In Pakistan - new developments that could increase the danger for American forces over the border in Afghanistan. According to Pakistani analysts, three top Taliban leaders plan to join forces and suspend operations against the Pakistani army. Their goal is to concentrate attacks on Americans in Afghanistan.

NPR's Philip Reeves reports.

PHILIP REEVES: Say the word Taliban and most of us think of one organization. In the mountains between Afghanistan and Pakistan it's more complicated than that. The militants have guns, and beards and religion in common, but their views differ and so do the tribes to which they belong - Pakistan's tribal belts - divided into seven areas.

In each, the Taliban has separate leaders. Some want to fight the Americans in Afghanistan and the Pakistan army. Some oppose attacking Pakistani soldiers. Now, three top Taliban leaders with a long history of rivalry have set aside their disagreements in the name of fighting Americans.

Professor KADEEM HUSSEIN (Pakistan Analyst): They have shunned their differences now and have come together and joined hands. For the last one month, actually, they had been preparing for this.

REEVES: Professor Kadeem Hussein, who studies Pakistan's tribal belt, says those three leaders have decided temporarily to call off their fight against Pakistan's military. He says when the spring melts the mountain snows, they want to concentrate on attacking Americans in Afghanistan, including the 17,000 new troops that President Obama is sending there.

They formed an organization called the Council for the Alliance of Mujahedeen Factions, citing as their leaders Osama bin Laden and Mullah Omar, head of the Afghan Taliban. Hussein thinks unifying will strengthen them.

Prof. HUSSEIN: It will put all their strengths or forces together. They'll become more organized strategically and operationally. And that would definitely give them a very strong position.

REEVES: Hussein says one of the three is Baitullah Mehsud. He's the militant leader in South Waziristan, the man Pakistani officials accuse of assassinating their former Prime Minister Benazir Bhutto. Mehsud has a history of conflict with the two other tribal militant leaders he's hooking up with.

Some analysts, including Hussein, have a theory about why he's done it. They say until recently, U.S. forces left Mehsud alone, as he wasn't attacking Americans and was seen as Pakistan's problem. But Pakistan's government's been pushing the U.S. to go after him. And this month, several devastating missile strikes hit Mehsud's bases. Therefore, the theory goes, Mehsud's turning his sights on the Americans in Afghanistan.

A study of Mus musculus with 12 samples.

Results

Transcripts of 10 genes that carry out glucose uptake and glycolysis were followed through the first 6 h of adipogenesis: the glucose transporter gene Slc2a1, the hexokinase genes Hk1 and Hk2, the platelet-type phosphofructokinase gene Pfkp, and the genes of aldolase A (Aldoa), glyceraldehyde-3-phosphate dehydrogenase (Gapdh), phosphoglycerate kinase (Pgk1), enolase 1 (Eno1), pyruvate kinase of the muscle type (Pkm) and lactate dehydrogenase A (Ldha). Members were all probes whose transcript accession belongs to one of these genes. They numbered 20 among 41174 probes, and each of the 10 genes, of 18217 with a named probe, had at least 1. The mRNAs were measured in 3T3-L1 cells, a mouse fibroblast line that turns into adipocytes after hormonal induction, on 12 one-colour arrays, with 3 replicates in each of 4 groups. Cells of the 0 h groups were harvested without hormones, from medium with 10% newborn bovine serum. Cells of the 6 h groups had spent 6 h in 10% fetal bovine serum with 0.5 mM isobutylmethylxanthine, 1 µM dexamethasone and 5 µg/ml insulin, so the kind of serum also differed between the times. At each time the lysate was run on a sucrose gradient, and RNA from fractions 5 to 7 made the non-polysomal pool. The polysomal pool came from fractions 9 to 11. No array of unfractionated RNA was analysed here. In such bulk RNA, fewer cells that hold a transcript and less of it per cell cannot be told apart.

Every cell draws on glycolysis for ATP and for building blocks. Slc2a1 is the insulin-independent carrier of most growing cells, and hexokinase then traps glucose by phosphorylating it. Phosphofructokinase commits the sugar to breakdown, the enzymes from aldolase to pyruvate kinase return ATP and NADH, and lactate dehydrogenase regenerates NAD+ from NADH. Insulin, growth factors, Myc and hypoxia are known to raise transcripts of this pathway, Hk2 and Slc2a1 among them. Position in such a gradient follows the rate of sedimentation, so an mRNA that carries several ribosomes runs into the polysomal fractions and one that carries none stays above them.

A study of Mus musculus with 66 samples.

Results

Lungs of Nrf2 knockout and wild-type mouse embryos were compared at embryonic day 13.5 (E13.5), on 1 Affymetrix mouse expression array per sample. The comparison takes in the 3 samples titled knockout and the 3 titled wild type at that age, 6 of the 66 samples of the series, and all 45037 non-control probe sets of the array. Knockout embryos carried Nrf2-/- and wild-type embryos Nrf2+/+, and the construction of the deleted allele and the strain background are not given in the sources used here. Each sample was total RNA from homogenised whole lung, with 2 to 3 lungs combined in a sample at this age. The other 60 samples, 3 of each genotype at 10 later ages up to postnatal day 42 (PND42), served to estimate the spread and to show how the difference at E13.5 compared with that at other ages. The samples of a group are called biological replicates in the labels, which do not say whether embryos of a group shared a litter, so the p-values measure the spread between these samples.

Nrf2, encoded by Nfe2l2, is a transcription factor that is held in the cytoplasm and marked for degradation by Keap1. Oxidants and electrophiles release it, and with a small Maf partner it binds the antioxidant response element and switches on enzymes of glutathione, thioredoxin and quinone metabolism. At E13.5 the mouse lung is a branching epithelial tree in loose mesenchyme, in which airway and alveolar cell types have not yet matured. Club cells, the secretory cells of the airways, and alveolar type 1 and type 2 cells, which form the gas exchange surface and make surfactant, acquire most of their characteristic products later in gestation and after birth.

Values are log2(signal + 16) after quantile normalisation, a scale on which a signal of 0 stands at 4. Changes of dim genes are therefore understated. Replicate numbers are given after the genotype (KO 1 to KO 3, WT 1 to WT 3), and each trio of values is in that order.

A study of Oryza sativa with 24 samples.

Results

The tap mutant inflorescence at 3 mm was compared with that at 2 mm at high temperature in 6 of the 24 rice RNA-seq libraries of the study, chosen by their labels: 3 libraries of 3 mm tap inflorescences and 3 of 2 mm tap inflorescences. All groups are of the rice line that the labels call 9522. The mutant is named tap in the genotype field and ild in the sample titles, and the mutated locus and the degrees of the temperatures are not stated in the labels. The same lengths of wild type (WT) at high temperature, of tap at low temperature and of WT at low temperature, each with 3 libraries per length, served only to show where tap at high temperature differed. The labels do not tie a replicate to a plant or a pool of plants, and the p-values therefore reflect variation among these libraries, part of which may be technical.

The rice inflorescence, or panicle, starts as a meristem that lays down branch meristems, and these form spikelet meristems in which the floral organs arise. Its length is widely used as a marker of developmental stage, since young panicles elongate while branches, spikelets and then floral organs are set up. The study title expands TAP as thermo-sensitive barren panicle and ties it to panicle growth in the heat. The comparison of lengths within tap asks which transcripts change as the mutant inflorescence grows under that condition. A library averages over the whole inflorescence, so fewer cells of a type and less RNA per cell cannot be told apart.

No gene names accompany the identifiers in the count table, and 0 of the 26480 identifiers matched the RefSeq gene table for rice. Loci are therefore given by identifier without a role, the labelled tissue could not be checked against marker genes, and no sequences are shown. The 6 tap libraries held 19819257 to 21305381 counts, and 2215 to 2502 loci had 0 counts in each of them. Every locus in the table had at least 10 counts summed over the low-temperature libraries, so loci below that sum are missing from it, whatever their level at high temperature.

Khalid Aziz spent 20 years as a senior Pakistani government official in the tribal areas. He says the Taliban in Pakistan have been morphing into a more unified political organization for some time and reaping the benefits.

Mr. KHALID AZIZ (Senior Pakistani Government Official): It gives them an added advantage and in the future they could be doing joint operations, behaving more like a military, shifting people from one end to another front, or another theater. So, that is possible and it is happening.

REEVES: But Aziz says leaders in the tribal belt also have a long history of feuding, so, they may not stay together for long. Brigadier Asad Munir, a retired military officer who served in the tribal belt for years, also doubts that the decision by the three Taliban leaders will make much lasting impact.

Brigadier ASAD MUNIR (Retired Military Officer): They were already fighting. They were going across. So, I don't think that it is a very, very big development, very significant.

REEVES: However, Khalid Aziz thinks the new alliance of Taliban leaders in the tribal belt will probably mean that Pakistani military changes tactics.

Mr. AZIZ: They may shift from the total military operations towards intelligence operations now. Because if there is no confrontation from the other side and no resistance, it's very difficult to launch military operations.

REEVES: U.S. officials are watching developments closely for any sign that Pakistan is flagging in the battle against the spread of Islamic militancy.

Philip Reeves, NPR News, Islamabad. Transcript provided by NPR, Copyright NPR.

NPR transcripts are created on a rush deadline by an NPR contractor. This text may not be in its final form and may be updated or revised in the future. Accuracy and availability may vary. The authoritative record of NPR’s programming is the audio record.

Philip Reeves is an award-winning international correspondent covering South America. Previously, he served as NPR's correspondent covering Pakistan, Afghanistan, and India.